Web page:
Hoping to tap a budding audience, CBS TeleNoticias, a 24-hour Spanish-language cable news channel, will take its growing operation to the Net later this year.

Hoping to tap a budding audience, CBS TeleNoticias, a 24-hour Spanish-language cable news channel, will take its growing operation to the Net later this year.

The CBS subsidiary has partnered with Latin America online producer StarMedia to build and maintain the site. The new online service will feature news stories, including video and audio clips, focused on Latin America as well international events.

"Mirroring the explosive growth of the Internet market in Latin America, which saw a doubling of users last year, StarMedia has reached audience growth rates as high as 20 percent per week," Fernando Espuelas, chairman and CEO of StarMedia, said in a statement. "Now 5.5 million strong, Latin America's online consumers will be able to view continually updated news 24 hours a day."

The CBS TeleNoticias online news service will be available at "http://www.cbstelenoticias.starmedia.com" when it launches in the fall.

The move marks CBS's second jump into cyberspace. Earlier this year, it struck a deal to launch CBS SportsLine. Analysts say the market is ripe for the company's Spanish news site.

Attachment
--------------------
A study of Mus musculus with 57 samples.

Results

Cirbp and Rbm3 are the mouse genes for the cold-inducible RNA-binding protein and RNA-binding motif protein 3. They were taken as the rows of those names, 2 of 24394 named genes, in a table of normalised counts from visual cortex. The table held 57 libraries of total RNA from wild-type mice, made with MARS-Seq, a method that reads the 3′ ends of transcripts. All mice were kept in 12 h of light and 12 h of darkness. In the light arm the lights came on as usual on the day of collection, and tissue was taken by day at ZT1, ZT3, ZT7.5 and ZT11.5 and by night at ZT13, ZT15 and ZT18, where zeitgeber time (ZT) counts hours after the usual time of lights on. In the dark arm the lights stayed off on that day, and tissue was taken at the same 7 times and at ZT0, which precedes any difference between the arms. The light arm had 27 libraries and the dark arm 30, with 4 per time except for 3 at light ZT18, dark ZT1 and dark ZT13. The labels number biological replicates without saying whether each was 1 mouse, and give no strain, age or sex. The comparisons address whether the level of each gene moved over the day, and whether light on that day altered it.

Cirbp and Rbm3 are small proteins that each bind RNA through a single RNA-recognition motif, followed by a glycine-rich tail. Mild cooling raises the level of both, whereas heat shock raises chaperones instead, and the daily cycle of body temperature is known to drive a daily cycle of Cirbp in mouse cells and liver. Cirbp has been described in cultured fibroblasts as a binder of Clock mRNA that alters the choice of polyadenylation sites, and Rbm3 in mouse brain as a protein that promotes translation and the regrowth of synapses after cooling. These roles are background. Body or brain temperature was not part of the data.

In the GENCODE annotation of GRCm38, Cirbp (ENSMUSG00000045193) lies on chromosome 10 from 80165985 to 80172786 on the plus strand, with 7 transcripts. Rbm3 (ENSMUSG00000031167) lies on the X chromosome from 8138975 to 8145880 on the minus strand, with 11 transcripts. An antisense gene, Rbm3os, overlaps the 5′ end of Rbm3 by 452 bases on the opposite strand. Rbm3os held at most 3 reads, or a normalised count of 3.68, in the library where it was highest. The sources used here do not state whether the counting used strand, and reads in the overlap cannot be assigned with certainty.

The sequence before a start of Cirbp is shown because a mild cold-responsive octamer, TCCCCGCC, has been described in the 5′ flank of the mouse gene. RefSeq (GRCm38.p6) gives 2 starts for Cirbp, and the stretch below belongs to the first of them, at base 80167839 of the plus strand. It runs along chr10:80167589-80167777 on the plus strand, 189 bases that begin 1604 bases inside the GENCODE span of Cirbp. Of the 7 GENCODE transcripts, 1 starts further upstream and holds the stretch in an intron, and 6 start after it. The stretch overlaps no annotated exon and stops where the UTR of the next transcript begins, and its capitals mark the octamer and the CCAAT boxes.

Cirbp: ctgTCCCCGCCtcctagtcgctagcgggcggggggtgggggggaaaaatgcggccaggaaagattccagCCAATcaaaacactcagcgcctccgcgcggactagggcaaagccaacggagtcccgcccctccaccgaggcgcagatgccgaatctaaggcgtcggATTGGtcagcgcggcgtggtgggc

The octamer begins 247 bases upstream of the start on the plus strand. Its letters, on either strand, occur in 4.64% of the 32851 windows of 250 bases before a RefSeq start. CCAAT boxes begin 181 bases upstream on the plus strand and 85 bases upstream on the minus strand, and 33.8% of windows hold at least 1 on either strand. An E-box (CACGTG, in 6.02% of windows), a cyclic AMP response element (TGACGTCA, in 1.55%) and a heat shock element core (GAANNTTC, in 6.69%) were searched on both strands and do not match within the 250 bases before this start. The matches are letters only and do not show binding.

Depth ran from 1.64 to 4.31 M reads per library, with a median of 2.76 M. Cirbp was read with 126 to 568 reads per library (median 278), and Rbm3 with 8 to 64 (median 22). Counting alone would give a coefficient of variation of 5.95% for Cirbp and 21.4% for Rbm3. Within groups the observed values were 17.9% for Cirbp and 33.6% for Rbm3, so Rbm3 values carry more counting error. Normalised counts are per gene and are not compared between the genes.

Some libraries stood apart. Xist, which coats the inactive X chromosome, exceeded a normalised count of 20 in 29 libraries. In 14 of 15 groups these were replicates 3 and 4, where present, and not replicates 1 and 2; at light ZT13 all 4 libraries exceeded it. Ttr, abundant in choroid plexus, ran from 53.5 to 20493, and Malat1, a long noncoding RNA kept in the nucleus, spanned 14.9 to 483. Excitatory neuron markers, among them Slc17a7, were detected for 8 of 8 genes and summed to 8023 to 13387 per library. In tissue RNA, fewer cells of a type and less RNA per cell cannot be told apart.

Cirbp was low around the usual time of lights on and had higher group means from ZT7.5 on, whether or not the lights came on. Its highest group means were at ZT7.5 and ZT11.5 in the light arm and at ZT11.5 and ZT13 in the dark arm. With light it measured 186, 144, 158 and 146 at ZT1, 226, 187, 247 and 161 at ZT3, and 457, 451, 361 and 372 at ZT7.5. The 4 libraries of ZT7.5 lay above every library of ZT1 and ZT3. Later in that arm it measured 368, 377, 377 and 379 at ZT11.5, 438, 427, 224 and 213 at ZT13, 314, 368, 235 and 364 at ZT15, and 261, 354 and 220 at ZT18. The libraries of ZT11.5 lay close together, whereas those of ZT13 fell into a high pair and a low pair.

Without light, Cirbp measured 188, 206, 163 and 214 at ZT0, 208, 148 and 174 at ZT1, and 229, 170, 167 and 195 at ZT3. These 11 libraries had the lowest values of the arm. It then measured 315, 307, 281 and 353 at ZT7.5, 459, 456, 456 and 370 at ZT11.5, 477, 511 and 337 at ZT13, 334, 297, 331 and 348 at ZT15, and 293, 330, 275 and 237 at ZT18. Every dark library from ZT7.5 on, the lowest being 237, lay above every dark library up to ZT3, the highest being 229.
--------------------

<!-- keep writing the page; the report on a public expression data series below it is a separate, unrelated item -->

"The interest is starting to arrive, and they have the technological goods to develop the product," said Kate Delhagan, an analyst at Forrester Research. "It's still pretty much still a 'white' Net, but more people with diverse backgrounds are gaining access."

The Spanish-language site may also secure CBS's position as a Web publisher as it joins the online network battle. ABC has already launched a news site, as well as a site for a Spanish newspaper the company owns. "News, sports, entertainment, and financial information are the four killer content areas," Delhagen added.

But simply translating English content into Spanish won't make a Web site a hit. CBS developing content especially for Spanish speakers is a better strategy, analysts say.

"It is best to do it from a homegrown perspective, to get native speakers to create their own content with their own spin," Delhagen said.

For example, sites such as LatinWeb aggregate music, news, bilingual, and other sites designed for Latinos and Spanish speakers. LatinoLink provides Latin headlines and chat forums, and Spanish Sanctuary has articles about films and albums.

There also is room on the Net for Spanish-translated services. Many search engines accept queries in Spanish, such as AltaVista, Infoseek, and Yelp.

Still, some researchers say CBS will not achieve quick international success with its Spanish site because unlike television, computers are not widely used in Latin America or Spain, for example.

"A lot of these South American markets have incredibly low PC penetration. Of the Spanish-speaking countries, Spain has the highest amount of Internet users, which is only 1 percent of Spanish households," said Peter Dushkin, an analyst for Jupiter Communications who worked on a report about Net usage worldwide.

"Of Argentina's 7 million households in 1996, less than less than 3,000 were online. Of Chile's 2.4 million households, only 2,500 had a computer and Net access," he added. "These are two countries that are arguably more connected than other countries in South America. So while CBS's service will be great for Spanish speakers in the United States, it will take time for it to catch on in South America."